The total number of tourist arrivals to Macau from January 27 to January 30 inclusive rose by 4.8 percent year-on-year, to 457,296. The first day of the current Chinese New Year fell on January 28.
A total of 65.3 percent of the arrivals in the period – amounting to 298,726 instances – were by visitors from mainland China, representing a year-on-year increase of 4.9 percent for that group.
The figures – reported by the Macao Government Tourism Office – were recorded by Macau’s Public Security Police, and measured the number of tourists passing through border checkpoints around the city. The tally excludes Macau non-resident employees and students.
The Chinese New Year period is usually a peak season for Macau’s gaming industry as hundreds of thousands of mainland Chinese tourists take advantage of the week-long break to visit the city.
Investment analysts however have noted in previous commentary on Macau that there need not be a direct correlation between numbers of tourists to Macau and gaming spend in casinos. This is because research indicates that high-stakes play by a relatively small number of visitors is still an important component of the market. Nonetheless, investors like to track Macau’s visitor numbers and gross gaming revenue (GGR) performance during Chinese New Year, for clues to possible trends in the rest of the calendar year.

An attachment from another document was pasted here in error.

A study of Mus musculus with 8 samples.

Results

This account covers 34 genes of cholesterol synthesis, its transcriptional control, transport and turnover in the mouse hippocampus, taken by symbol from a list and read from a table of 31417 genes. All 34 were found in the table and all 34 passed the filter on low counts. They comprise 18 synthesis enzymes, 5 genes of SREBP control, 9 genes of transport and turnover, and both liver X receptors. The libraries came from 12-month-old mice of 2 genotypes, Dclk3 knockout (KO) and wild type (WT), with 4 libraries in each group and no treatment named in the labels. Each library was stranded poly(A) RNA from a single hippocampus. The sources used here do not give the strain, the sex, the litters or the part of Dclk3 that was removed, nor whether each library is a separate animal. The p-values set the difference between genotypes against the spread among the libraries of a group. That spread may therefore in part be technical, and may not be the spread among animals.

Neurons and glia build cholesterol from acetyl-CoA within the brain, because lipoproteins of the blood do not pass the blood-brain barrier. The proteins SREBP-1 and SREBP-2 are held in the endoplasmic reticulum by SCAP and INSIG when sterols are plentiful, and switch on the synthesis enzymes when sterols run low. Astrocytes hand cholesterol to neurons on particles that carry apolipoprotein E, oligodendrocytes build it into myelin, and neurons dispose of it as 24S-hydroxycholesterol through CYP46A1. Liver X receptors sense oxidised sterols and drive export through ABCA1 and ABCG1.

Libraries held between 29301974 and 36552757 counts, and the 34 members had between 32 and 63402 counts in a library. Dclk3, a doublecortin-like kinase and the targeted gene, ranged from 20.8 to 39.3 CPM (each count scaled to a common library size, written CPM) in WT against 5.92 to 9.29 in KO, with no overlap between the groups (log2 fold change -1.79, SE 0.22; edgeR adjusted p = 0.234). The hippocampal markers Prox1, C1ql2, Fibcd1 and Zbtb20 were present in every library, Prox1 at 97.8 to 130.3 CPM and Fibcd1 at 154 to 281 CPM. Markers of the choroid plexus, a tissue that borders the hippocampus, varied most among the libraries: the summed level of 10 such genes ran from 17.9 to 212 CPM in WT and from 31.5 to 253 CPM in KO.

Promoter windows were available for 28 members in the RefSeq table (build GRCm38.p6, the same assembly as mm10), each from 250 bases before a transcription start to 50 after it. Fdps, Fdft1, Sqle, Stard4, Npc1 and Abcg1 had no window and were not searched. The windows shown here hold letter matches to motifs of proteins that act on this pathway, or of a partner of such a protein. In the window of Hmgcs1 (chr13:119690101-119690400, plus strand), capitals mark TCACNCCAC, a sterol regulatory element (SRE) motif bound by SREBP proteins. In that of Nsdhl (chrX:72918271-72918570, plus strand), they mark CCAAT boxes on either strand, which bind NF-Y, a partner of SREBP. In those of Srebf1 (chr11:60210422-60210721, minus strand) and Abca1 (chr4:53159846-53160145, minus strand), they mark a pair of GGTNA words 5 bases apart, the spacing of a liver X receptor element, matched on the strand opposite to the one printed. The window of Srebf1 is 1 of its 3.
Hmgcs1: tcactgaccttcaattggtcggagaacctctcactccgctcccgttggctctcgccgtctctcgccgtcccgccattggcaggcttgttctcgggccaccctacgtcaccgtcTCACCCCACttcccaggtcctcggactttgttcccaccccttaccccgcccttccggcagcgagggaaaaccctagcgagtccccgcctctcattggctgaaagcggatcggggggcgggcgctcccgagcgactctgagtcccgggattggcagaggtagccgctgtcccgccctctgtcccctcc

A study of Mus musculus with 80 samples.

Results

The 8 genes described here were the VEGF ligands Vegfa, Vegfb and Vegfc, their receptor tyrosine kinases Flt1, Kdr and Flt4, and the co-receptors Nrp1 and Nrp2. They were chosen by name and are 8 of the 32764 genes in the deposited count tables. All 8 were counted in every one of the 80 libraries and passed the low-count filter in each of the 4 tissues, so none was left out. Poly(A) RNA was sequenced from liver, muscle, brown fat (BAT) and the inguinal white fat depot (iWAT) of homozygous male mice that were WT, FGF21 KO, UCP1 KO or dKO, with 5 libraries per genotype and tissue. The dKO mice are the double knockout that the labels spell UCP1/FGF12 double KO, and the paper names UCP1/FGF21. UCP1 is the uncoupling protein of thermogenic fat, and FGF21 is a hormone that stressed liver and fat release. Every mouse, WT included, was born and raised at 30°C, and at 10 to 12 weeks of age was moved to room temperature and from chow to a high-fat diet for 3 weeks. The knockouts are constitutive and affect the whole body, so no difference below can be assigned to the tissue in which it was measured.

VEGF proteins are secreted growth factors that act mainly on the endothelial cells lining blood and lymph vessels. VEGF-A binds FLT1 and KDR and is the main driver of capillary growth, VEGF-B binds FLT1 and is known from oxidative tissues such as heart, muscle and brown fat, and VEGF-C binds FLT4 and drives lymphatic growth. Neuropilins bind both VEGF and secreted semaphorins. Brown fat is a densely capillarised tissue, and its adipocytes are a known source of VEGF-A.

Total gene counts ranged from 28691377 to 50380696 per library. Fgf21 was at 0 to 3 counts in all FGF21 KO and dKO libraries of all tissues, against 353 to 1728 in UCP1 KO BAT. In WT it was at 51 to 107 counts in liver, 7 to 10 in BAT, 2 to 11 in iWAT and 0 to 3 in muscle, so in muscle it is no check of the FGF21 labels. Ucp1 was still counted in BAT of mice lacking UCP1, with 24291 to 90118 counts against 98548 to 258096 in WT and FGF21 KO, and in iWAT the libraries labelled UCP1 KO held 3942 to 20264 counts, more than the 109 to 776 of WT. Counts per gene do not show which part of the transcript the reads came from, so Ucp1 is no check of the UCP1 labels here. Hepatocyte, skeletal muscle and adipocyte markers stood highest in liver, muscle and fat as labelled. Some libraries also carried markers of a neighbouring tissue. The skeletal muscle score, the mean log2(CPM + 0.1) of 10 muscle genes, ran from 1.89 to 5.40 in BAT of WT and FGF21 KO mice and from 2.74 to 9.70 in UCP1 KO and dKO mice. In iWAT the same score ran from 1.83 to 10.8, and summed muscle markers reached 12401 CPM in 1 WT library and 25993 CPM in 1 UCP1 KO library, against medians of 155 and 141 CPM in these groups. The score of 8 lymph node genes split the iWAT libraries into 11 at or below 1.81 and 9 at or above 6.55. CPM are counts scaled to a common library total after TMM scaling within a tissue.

“Commentary from the market remains especially positive, with full occupancy at leading resorts and especially strong traffic,” said a note on Monday from analyst Christopher Jones of the Buckingham Research Group Inc.
“It is periods such as Chinese New Year that the incremental room supply in Macau, will have an especially strong impact on the market,” said Mr Jones. He also made reference to the opening of Wynn Palace from Wynn Macau Ltd – with 1,700-rooms – and the Parisian Macao from Sands China Ltd – with 3,000 rooms – since the 2016 Chinese New Year holiday period.
Mr Jones further stated that for the week ended January 30, average daily revenues for table game in Macau came in at HKD540 million (US$69.6 million) compared to HKD470 million the previous week, which he said was “as expected,” given the contribution of two days of the Chinese New Year holiday in the most recent reporting period.
David Bain, an analyst at Aegis Capital Corp, wrote in a Monday note: “According to checks and other estimates, January 1 to January 29 Macau table-only gross gaming revenue was approximately MOP17.4 billion (US$$2.2 billion). Including slot assumptions, GGR checks would imply month-to-date MOP18.3 billion (US$2.3 billion).”